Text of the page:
The House defense bill passed out of subcommittee last week, and there are 1,776 earmarks contained therein. 1776? That Congress is so patriotic.

When we hear the term “earmarks,” the first thing that might pop into our heads is “pork project.” Since this particular bill is for defense, and there’s nothing more important than making sure America’s finest have everything they need to do their jobs, we must not simply assume that these earmarks are wastes of money.

It’s important to keep in mind that earmarks are supposed to be items that were left out – either on purpose or accidentally – from the original budget, but a member of Congress has deemed them a necessity due to either requests from a branch of the military, or because an election is coming up and a few more jobs in his or her district couldn’t hurt.

So when we see some of these rather large earmarks that are basic safety items for our troops, such as helmet inserts, it should make us wonder: 1) Why they weren’t in the original defense budget, and/or 2) Is it an unnecessary redundancy being provided just to get a fat-cat congressman some pork votes?

Looking at defense earmarks through the years, one thing is certain: Even the most vehemently anti-war person ever to walk through the doors of Congress won’t balk at having a huge tank or missile factory in his or her district. Conviction is checked at the door even before the hats and coats.

A dead giveaway of deception for the purposes of huge expense justification is over-complex terminology for basic items – expositional Rube Goldberg machines.

For example, a perusal of the defense bill uncovers an earmark for “Expendable Airdrop Delivery Systems.” A member of the military told me that these are probably pallets that can be left behind. If the military in fact needs them, they should have them, but what’s the difference between “Expendable Airdrop Delivery Systems” and pallets? Probably several million taxpayer dollars.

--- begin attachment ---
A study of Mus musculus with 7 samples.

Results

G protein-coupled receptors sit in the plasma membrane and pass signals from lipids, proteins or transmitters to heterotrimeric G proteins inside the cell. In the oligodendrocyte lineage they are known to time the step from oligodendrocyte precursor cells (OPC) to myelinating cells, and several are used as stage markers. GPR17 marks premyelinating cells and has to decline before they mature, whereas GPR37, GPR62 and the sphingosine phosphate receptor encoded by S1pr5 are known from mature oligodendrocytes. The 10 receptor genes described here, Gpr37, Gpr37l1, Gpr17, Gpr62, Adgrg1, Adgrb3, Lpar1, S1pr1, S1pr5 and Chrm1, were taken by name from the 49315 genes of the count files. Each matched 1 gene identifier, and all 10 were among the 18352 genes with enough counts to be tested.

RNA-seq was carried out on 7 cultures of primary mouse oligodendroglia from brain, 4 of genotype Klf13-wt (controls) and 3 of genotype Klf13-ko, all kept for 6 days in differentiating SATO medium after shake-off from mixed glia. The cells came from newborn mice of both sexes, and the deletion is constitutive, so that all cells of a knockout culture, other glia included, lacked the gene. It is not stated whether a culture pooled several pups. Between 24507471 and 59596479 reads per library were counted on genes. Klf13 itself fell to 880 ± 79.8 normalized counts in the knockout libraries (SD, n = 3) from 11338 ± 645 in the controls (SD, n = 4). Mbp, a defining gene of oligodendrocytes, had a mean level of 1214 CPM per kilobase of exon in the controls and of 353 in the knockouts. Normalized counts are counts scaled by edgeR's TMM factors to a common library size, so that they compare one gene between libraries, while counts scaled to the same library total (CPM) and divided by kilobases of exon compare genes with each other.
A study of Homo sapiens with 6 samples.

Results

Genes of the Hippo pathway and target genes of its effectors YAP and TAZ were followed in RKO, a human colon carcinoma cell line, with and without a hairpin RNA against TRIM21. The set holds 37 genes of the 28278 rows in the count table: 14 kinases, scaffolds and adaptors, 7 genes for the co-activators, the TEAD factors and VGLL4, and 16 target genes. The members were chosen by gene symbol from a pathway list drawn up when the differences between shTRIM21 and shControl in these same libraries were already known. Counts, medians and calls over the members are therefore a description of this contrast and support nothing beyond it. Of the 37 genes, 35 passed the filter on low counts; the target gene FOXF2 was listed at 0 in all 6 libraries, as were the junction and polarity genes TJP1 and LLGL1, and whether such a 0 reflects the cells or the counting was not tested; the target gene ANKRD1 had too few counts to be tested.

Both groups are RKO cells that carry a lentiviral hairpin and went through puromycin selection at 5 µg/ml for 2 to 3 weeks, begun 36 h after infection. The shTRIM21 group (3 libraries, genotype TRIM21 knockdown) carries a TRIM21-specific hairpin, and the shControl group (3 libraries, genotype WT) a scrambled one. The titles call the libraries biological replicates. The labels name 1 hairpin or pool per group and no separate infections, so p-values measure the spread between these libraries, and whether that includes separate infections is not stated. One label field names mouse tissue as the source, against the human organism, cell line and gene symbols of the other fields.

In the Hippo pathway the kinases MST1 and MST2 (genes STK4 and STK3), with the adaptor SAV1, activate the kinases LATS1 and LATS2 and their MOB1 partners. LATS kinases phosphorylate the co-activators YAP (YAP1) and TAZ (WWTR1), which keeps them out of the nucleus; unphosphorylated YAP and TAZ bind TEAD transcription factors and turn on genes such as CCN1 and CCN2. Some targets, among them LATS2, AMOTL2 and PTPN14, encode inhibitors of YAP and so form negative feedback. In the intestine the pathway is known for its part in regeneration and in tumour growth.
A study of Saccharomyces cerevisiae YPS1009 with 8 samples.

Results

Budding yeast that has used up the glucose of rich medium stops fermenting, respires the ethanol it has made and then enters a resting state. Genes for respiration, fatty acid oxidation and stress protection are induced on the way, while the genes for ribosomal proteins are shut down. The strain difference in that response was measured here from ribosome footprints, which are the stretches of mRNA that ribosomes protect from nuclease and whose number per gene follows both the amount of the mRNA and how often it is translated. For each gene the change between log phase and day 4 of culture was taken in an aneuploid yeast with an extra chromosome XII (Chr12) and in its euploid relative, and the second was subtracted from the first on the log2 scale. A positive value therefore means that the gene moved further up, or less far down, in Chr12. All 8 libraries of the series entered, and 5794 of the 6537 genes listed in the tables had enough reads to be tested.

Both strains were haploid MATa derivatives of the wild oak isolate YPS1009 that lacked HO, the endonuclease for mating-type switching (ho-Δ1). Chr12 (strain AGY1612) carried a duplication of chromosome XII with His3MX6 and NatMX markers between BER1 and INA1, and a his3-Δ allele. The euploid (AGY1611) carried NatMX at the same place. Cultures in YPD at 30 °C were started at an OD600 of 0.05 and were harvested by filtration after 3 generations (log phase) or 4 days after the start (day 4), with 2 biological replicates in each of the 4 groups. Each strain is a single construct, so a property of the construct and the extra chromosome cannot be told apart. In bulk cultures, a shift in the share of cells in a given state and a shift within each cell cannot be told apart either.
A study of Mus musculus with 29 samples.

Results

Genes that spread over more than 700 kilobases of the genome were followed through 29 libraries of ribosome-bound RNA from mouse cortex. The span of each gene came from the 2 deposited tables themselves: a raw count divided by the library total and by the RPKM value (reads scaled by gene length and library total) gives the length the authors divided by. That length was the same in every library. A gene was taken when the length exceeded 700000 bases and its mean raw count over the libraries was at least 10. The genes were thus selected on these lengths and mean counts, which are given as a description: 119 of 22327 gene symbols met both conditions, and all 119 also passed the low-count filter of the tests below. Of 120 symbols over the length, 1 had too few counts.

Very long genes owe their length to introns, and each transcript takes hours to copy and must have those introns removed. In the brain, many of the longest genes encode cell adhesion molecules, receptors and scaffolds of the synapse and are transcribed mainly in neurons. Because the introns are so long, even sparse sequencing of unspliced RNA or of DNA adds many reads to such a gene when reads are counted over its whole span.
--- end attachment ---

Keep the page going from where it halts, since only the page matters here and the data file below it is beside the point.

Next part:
Below are some actual earmarks in the defense bill along with my best shot at deciphering what they actually mean:

Cold Weather Layering System = Jackets

Extended Cold Weather Clothing Hand Protection System = gloves

Remote Environmental Monitoring and Diagnostics in the Perishables Supply Chain = portable refrigerators

Nano-Crystalline Cement for High Strength, Rapid Curing Concrete with Improved Blast Resistance = A congressman is about to get a new driveway.

C-130 Active Noise Cancellation = mufflers and soundproof aircraft walls

Mission Hospital Computer Physician Order Entry Initiative = centralized medical database

Contextual Arabic Blog and Slang Analysis Program = how to tell if someone’s saying they’re going to kill you in Farsi

Dual-Stage Ultra-Reliable Water Filtration Technology Development = Brita-awarded government contract thanks to huge campaign donation

Assessment of Alternative Energy for Aircraft Ground Equipment = hybrid gas trucks

Inertia Reel Restraint System Retrofit = new seat belts

Unmanned Threat Emitter Modernization = updated automatic warning systems

Ballistic Missile Range Safety Technology = signs that say “Do not enter: Ballistic missile testing range”

Vibration Management Enhancement Program = new shock absorbers

Heavy Duty Hybrid Vehicle = suped-up, fortified Prius (As test piloted by Al Gore III, the Chuck Yeager of the environmental movement)

Spherical Airship R&D = This could have something to do with making cool frisbees for kids at the next congressional picnic, though I’m not 100 percent sure.

Active Combustion Control System for Military Aircraft = in-flight fire extinguishers

Tactical Wheeled Vehicle Structures for Improved Survivability and Performance = fortified chassis

Advanced Photovoltaic Material Integration Development = solar panels

Green Product Evaluation and Implementation Program = war zone carbon credits

Full Spectrum Active Protection Close-In Layered Shield for Thin-Skinned Vehicles = kevlar vehicle cozy

Space Situational Awareness = spy satellite

Kinetic Hydropower System Turbine = water wheel

Urban Warfare Analysis Center = new government office in the country near a golf course

Fully Integrated Solar Powered Interior Lighting Technology = sun roof

Wow, that was a lot of bureaucrat-speak to decipher. I could really use a “Bottomed Cylindrical De-Apertured Dihydrogen Monoxide Repository” (glass of water). I’m parched.

One final thing – I noticed that Jerry Lewis has 38 earmarks, and I’m surprised one of these wasn’t “Circular media containment alloy with rectangular electronic audio/visual data presentation device for deployment to European theater of operations.” This would be translated as “shipping Jerry Lewis DVD’s to France.”

I know it’s not that Jerry Lewis, but sometimes with Congress it’s hard to tell the difference.